Better customer service may require specialized tools to fill the gaps left by software suites, according to Forrester Research.
Posted Jan 31, 2008
Consumers continually demand better service, and yet today's organizations already seem unable to provide consistently satisfying service across every channel. But customers aren't the only ones feeling underserved. Statistics recently released by Forrester Research indicate that one complaint is surprisingly common with North American companies: Their own needs aren't being met by the customer service channels they've built.
According to the study, "Specialized Customer Service Solutions Fill Gaps in Suite Functionality," no viable channel for delivering customer service, from phone representatives to chat/IM, is delivering tolerable results. According to the study, the percentage of respondents who say each respective channel "almost always meets their needs" are as follows:
Even though companies know they have a customer service problem, the comprehensive customer service solution suite most of them already have in place can't fill in all the gaps -- they need to look elsewhere to supplement their existing technology. "Specialized tools can offer compelling differentiation in one or more of the key subareas of customer service, such as enhanced search and knowledge management, chat, or community management," the study states.
- phone representatives.......61 percent;
- retail branches...................54 percent;
- Web...................................41 percent;
- email.................................38 percent;
- mail/catalog.......................34 percent;
- kiosks.................................30 percent;
- phone self-service...............23 percent; and
- chat/IM..............................19 percent.
The authors were not available for comment by press time, but many industry analysts note the trend for organizations to move away from point solutions in favor of having a solution suite -- particularly in the workforce optimization space, which is growing in popularity among contact centers. "People are talking about the suites right now," says Paul Stockford, chief analyst at Saddletree Research. "Workforce management, like most of the other markets now, has very few point solutions out there."
The Forrester report notes the need for many companies to incorporate a solution suite, but argues that point solutions are still relevant in the customer service space. The study identifies three types of point solutions available in the market that can help improve the customer service delivered by broad suites:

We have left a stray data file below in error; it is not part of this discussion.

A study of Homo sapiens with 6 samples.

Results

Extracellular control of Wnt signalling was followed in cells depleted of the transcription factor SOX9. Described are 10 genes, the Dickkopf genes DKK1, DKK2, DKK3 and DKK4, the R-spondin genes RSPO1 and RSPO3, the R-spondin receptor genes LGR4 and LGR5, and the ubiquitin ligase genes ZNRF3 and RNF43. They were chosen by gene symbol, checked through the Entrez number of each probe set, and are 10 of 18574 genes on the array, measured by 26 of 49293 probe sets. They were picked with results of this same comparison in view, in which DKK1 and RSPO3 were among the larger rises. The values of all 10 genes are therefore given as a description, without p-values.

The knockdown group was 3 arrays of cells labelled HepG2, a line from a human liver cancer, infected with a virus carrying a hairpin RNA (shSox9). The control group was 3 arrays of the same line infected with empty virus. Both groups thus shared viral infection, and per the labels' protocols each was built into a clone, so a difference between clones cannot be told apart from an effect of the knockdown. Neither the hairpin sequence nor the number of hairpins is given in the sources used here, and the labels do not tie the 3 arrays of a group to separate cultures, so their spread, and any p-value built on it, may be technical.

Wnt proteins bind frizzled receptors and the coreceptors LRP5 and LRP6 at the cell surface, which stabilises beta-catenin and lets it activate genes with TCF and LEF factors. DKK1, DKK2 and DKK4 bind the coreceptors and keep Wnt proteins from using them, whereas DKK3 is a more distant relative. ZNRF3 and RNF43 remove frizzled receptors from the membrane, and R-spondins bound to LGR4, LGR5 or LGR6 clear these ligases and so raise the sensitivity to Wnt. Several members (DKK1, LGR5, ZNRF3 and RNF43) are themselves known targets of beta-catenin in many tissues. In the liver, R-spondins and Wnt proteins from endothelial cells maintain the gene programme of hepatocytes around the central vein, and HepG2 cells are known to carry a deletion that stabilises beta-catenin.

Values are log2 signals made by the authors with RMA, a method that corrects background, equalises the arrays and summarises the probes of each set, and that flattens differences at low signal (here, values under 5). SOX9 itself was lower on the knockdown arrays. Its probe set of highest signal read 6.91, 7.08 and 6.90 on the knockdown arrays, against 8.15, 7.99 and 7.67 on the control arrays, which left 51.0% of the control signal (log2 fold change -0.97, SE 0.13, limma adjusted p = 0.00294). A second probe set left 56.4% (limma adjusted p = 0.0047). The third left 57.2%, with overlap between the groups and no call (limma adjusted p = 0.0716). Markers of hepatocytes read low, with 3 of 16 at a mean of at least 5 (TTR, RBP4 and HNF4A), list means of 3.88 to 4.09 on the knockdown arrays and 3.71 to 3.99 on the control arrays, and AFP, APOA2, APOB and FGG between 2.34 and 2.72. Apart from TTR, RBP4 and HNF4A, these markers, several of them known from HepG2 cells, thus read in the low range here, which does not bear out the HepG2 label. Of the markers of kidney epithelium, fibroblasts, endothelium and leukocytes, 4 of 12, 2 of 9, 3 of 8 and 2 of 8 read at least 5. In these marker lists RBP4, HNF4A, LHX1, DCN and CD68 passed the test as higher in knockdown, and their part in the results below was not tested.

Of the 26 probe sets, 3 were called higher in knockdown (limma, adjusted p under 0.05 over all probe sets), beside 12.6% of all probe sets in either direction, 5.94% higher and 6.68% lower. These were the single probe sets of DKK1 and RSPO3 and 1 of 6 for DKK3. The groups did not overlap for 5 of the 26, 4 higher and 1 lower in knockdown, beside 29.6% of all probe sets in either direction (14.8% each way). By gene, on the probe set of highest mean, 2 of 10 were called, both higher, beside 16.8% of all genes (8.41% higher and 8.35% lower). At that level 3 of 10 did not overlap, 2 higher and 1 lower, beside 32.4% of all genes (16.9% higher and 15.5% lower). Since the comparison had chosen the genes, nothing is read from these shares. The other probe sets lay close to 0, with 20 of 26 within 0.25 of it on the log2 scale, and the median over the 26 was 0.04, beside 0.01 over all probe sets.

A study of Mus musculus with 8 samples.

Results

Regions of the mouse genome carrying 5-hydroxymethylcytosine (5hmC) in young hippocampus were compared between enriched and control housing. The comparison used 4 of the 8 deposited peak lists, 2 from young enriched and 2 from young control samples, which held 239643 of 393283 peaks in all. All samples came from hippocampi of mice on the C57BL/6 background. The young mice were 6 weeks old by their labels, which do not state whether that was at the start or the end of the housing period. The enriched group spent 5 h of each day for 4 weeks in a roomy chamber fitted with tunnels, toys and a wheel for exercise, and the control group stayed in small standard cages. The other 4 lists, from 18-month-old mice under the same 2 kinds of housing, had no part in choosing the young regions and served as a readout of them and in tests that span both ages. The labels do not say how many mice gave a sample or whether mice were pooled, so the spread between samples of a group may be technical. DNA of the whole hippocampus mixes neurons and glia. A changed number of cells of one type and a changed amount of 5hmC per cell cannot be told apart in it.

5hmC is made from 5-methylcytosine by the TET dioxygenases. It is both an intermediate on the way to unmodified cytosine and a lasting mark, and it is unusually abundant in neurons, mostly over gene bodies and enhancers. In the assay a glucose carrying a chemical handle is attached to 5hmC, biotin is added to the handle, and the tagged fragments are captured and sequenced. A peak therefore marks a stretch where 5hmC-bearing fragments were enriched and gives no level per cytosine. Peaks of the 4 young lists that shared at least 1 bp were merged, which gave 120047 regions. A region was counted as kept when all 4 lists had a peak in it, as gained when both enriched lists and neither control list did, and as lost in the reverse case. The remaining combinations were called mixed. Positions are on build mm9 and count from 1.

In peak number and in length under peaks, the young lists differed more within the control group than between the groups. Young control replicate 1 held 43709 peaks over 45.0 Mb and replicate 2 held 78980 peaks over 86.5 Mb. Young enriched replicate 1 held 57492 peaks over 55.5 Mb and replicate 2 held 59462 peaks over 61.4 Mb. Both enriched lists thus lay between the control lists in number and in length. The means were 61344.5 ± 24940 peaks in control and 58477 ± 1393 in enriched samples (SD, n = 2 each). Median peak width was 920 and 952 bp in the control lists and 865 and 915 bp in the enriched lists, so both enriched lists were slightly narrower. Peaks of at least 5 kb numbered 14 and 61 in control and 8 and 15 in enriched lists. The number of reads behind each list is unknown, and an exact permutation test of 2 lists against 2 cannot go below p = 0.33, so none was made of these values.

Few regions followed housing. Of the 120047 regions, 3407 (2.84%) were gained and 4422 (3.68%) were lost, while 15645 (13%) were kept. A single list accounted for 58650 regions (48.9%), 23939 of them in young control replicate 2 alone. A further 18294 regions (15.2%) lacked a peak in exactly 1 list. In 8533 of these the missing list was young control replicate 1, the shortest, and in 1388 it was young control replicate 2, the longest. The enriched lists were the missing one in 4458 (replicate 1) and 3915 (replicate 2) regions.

Interestingly, the final tool Forrester mentions -- forum tools for customer communities -- is also a point of emphasis in a recent Gartner study on customer service processes. That study stresses the need for companies to embrace the idea of an online customer community -- indicating a growing consensus among analysts that the peer-to-peer revolution is not just limited to sharing music and entertainment, but also product and service experiences.
- advanced search and support tools, to help solve complex problems that could challenge many embedded tools;
- chat tools, to allow text-based chat to bridge the gap between Web self-service and the telephone; and
- forum tools enabling customer communities, in which customers can interact with one another and share knowledge and opinions about products or services.
"The must-fix is going to be how you become more customer-involving," says Michael Moaz, Gartner vice president. "You're working much more from a sense of the customer as part of a community. Today more people -- particularly the new generation of consumers -- are trusting information from their peers more than they trust information from the enterprise."
The Forrester study emphasizes quality over quantity in regard to selecting a customer service solution product, especially for companies with broad customer service requirements -- but point solutions can still be viable options. "For organizations with specific holes in their customer service platforms or those with more focused needs, specialized vendors can supplement or complement these suites," the study notes.